The Rappahannock County Board of Zoning Appeals (BZA) ruled in favor of Raymond Deakins Tuesday night (Aug. 14), voting that the second structure on his property was not a dwelling, as his neighbor contended, and thus did not violate the county’s zoning laws.
The appeal of zoning administrator John McCarthy’s decision was brought earlier this year by Rock Mills resident David Konick, an attorney who preceded McCarthy in that zoning position, and who contended that the structure in question was a dwelling. This would give Deakins two dwellings on the same parcel of land, Konick claimed, a violation of the county’s zoning ordinance. Konick also claimed Deakins’ plans and existing structures violated both road-setback and floodplain laws.
After a 90-minute hearing, the board voted unanimously in Deakins’ favor, upholding zoning McCarthy’s initial decision to grant Deakins permits. Deakins admitted that his family has spent several nights in the structure – which he described as a shed rather than a house – but pointed out that it didn’t contain many of the things necessary to qualify it as a “dwelling,” including sanitation.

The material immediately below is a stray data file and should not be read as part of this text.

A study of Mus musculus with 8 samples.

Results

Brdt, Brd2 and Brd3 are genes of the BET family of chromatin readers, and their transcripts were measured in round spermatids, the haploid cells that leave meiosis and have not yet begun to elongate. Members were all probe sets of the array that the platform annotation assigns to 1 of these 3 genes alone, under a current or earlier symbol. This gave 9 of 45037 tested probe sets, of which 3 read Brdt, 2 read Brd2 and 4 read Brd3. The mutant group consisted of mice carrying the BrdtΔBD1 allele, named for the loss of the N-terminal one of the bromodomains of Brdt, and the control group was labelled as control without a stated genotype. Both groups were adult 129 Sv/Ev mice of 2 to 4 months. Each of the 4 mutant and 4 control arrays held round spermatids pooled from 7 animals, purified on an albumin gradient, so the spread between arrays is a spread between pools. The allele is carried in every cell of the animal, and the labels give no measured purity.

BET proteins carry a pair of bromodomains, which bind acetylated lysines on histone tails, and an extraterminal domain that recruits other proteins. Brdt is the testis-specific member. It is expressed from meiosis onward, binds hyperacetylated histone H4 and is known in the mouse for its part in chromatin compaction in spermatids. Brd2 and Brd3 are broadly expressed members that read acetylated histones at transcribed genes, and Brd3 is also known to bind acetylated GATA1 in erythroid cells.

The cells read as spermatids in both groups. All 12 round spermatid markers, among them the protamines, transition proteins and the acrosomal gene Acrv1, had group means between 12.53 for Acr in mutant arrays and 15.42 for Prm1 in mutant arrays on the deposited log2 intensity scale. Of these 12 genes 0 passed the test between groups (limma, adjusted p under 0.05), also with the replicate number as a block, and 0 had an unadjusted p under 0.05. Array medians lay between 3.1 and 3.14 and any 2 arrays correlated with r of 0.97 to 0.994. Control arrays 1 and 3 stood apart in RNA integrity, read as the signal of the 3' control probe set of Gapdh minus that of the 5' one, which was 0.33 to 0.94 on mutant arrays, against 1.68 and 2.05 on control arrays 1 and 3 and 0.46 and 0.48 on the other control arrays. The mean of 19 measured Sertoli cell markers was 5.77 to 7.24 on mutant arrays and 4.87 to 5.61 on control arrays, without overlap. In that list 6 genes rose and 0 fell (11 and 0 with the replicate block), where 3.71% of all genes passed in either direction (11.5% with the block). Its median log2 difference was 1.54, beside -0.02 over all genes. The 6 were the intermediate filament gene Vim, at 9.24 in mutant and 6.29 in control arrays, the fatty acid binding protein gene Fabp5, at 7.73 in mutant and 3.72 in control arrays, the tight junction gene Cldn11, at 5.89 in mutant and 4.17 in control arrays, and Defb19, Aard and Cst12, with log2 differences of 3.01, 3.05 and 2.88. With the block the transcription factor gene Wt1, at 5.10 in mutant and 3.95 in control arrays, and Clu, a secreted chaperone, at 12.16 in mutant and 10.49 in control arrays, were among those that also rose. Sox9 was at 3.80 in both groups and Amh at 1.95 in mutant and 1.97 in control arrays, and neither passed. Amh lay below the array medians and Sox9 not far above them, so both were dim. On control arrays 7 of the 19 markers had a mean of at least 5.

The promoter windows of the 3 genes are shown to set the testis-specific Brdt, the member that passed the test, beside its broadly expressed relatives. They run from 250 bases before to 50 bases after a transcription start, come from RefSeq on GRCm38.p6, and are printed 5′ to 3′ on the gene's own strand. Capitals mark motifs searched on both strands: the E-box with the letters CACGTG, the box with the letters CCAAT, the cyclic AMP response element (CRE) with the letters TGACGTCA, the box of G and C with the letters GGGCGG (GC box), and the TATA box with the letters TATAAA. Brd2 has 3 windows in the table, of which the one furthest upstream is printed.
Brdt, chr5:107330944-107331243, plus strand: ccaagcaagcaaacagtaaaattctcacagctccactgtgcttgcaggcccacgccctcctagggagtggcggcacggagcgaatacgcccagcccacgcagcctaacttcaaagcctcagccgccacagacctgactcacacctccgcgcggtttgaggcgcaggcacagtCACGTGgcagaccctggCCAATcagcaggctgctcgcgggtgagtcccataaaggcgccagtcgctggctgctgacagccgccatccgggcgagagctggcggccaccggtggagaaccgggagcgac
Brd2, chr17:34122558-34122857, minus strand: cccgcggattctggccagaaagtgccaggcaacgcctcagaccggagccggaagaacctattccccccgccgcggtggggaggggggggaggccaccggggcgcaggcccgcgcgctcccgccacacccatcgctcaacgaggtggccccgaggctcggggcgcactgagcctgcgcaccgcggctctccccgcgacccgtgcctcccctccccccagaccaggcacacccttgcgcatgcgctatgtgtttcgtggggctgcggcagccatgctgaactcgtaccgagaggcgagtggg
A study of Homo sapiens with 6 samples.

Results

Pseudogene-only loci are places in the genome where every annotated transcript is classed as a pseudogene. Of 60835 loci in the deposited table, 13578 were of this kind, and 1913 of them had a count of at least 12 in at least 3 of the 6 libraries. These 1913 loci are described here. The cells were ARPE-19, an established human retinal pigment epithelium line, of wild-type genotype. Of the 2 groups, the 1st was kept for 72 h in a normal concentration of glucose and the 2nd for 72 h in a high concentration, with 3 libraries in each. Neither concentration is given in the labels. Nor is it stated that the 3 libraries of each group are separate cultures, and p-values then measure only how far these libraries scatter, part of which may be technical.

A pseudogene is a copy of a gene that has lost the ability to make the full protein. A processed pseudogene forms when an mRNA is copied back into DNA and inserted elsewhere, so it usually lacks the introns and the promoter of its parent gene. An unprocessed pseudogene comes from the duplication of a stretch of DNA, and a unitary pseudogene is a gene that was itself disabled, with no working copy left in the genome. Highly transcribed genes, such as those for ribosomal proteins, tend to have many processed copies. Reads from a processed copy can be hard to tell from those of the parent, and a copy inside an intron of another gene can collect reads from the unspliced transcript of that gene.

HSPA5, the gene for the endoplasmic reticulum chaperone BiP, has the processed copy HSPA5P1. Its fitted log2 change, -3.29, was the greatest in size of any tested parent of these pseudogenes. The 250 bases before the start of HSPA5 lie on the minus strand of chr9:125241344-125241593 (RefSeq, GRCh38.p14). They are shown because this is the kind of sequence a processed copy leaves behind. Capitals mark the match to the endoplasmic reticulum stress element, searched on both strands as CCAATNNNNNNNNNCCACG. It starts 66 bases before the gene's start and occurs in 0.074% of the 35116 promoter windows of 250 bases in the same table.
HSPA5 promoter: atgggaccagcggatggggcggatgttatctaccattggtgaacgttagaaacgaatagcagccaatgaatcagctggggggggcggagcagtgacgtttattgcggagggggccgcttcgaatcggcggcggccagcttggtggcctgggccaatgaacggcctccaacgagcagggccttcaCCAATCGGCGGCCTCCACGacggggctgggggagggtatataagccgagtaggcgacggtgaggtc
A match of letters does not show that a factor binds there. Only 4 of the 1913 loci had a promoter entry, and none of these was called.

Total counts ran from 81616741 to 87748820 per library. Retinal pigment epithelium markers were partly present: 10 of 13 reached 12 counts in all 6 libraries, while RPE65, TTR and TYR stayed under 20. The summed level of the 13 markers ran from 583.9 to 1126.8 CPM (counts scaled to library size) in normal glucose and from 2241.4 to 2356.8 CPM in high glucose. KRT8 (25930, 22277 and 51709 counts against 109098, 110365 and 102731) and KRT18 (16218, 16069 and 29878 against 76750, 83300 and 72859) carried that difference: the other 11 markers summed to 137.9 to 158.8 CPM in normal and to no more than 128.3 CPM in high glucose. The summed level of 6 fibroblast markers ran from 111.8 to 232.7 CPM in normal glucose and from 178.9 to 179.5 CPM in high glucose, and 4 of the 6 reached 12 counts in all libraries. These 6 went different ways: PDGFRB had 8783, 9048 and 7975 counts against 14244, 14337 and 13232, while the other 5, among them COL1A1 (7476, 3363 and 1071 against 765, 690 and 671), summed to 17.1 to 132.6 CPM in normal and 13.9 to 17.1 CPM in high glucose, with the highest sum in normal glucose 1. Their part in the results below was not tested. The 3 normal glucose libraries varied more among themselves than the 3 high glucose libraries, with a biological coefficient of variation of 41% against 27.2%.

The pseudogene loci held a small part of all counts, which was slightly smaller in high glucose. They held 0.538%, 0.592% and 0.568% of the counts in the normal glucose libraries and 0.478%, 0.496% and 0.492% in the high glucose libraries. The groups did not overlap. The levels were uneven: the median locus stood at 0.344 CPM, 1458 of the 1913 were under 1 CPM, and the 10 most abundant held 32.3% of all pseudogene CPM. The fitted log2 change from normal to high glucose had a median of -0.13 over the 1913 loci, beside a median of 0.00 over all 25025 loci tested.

“I use it as a place to recover,” Deakins said. “I have all kinds of things stored in there, but it’s not a house.”
The hearing included several heated exchanges between Deakins and Konick, both of whom were reprimanded by BZA chairman Robert Weinberg. McCarthy pointed out that Deakins did build the original structure without a permit, and would thus have to pay a fine for it, regardless of the board’s decision.
Deakins agreed to that and seemed eager to move on. “We’ve jumped through every hoop so far,” Deakins said. “We just want to build our new house and get ready for our grandchildren.”